European award for dissertation on Early Iron Age elite burials
In 2017 Sasja van der Vaart-Verschoof defended her dissertation on Early Iron Age elite burials of the Low Countries at the Faculty of Archaeology. Out of 36 applications from ten different countries, her dissertation was awarded the Prix Européen D’Archéologie Joseph Déchelette on June 15th.
The jury was not only impressed by the ‘strong’ dissertation, but also by the clear proposal for further research on the topic. Sasja van der Vaart-Verschoof was praised for building a strong research network and for shaking up the field of Early Iron Age research. One jury member even called her a ‘movement’.
Van der Vaart-Verschoof’s fascination with Early Iron Age elite burials started during an internship at the National Museum of Antiquities in Leiden in 2009 when she was asked to arrange the finds from the Chieftain’s burial of Oss into its new display case. She found herself completely captivated by this exceptional complex, and it formed the start of her career as an Early Iron Age scholar.
She proceeded to not only write her MA- and PhD-dissertation on the elite burials of the Low Countries (the latter was published in the PALMA series of the National Museum of Antiquities as “Fragmenting the Chieftain”, available through Sidestone Press), she also initiated, co-organised and hosted an international workshop during her PhD on large-scale connections and interactions during the Early Iron Age Hallstatt C period and published a proceedings on the same topic (“Connecting Elites and Regions", also available through Sidestone Press).
Both the workshop and her dissertation demonstrated the importance of a European perspective on these graves if we are to understand the widespread connections that clearly existed during the Early Iron Age, which was an era of rapid development and a formative period in Europe’s past.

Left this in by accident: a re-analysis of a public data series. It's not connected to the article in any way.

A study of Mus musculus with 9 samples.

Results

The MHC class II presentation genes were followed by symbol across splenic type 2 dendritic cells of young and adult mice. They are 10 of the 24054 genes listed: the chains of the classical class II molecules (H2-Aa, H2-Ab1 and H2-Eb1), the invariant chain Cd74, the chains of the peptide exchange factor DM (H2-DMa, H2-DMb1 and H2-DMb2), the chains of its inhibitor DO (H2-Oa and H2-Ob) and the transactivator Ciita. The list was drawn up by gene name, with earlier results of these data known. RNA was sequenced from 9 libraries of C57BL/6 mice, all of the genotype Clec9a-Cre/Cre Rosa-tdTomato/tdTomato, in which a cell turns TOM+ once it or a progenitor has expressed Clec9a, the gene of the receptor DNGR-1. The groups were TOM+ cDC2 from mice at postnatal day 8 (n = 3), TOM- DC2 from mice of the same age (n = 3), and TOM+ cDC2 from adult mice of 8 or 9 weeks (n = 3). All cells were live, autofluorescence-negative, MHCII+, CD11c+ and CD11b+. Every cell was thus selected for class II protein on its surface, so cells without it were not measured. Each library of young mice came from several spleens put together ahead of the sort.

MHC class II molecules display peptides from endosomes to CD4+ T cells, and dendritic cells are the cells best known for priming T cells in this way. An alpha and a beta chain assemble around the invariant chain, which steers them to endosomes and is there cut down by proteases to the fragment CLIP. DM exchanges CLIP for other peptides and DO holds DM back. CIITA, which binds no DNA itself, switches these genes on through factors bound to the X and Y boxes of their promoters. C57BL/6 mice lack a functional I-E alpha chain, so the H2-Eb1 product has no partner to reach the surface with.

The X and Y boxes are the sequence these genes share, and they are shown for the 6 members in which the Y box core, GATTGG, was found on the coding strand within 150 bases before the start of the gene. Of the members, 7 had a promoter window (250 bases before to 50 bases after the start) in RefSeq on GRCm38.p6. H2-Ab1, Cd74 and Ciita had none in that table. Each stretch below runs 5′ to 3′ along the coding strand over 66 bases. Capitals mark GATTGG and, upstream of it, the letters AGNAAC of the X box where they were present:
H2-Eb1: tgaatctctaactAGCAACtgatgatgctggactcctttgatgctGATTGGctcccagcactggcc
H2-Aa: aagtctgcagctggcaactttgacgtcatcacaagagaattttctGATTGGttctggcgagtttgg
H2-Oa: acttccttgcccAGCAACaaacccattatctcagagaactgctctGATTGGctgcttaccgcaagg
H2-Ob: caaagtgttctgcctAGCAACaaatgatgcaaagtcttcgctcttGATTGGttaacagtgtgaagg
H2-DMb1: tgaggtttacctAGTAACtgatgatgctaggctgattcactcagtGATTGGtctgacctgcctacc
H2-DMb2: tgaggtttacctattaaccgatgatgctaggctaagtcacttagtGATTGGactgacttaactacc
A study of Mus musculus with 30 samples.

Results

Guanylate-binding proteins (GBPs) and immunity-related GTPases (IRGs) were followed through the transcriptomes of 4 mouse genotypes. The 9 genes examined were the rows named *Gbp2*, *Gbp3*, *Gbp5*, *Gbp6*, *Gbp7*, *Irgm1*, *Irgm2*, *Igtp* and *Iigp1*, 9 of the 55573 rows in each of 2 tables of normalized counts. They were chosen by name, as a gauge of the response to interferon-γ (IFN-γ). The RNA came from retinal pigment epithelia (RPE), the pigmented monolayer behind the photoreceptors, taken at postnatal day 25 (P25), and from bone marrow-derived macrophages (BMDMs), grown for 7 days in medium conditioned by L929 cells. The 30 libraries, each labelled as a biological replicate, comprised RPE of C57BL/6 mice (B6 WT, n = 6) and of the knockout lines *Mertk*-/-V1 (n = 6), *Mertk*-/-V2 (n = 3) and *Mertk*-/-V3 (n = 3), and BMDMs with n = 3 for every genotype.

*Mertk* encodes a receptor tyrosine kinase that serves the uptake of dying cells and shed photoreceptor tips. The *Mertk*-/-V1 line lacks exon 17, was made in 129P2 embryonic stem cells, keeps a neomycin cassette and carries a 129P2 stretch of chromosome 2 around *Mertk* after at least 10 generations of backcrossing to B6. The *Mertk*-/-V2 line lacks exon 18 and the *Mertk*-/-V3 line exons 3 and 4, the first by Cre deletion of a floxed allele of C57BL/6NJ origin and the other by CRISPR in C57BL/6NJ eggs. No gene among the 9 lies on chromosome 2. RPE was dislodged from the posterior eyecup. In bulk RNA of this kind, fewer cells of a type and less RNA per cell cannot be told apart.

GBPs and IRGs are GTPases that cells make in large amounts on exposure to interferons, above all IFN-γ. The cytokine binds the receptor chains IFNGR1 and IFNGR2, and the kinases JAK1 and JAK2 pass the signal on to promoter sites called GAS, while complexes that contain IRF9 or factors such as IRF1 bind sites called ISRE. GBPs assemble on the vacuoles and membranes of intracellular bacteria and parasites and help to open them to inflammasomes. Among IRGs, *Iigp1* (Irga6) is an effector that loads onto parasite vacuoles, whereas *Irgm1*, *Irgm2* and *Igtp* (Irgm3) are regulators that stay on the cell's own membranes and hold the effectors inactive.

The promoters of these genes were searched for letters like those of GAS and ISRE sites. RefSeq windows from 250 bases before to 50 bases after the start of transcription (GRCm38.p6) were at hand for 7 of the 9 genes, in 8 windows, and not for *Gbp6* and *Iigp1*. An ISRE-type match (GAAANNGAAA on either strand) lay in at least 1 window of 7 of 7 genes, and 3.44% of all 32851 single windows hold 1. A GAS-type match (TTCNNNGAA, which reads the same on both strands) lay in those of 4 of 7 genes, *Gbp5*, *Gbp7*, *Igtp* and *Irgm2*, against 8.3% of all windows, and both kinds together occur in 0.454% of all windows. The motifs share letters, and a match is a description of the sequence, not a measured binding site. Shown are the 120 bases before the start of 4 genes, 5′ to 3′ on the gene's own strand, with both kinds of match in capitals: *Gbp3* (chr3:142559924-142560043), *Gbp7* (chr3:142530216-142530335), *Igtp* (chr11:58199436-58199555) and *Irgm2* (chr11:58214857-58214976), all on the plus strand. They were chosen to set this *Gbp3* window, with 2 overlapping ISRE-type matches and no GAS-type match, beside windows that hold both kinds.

It saw the first indisputable rise of elites, who intriguingly were buried with cosmologically charged weaponry, bronze vessels and wagons (in fact, Joseph Déchelette was one of the first people to describe such items, and lists several of these objects in his Manuel d’Archéologie). These ‘princely graves’ are found primarily in the Central European Hallstatt Culture, though burials with the same grave goods are found in very different cultural settings in surrounding areas, with a geographically distinct concentration in the Low Countries – indicating direct interaction across hundreds of kilometers – which is extraordinary in preliterate societies and continues to fascinate her.
Fürstengrab of Frankfurt-Stadtwald
Having studied the Dutch and Belgian elite burials in detail, Van der Vaart-Verschoof currently continues her research into this period by examining how the Low Countries’ elite graves relate to those found in France, Germany and Austria, as well as those farther afield, thereby seeking to understand the long distance contact and interaction that they reflect. Most recently she has started examining the exceptionally rich Fürstengrab of Frankfurt-Stadtwald, and is excited to further explore other German and French elite burials as made possible by the awarding of the Joseph Déchelette European Archaeology Prize.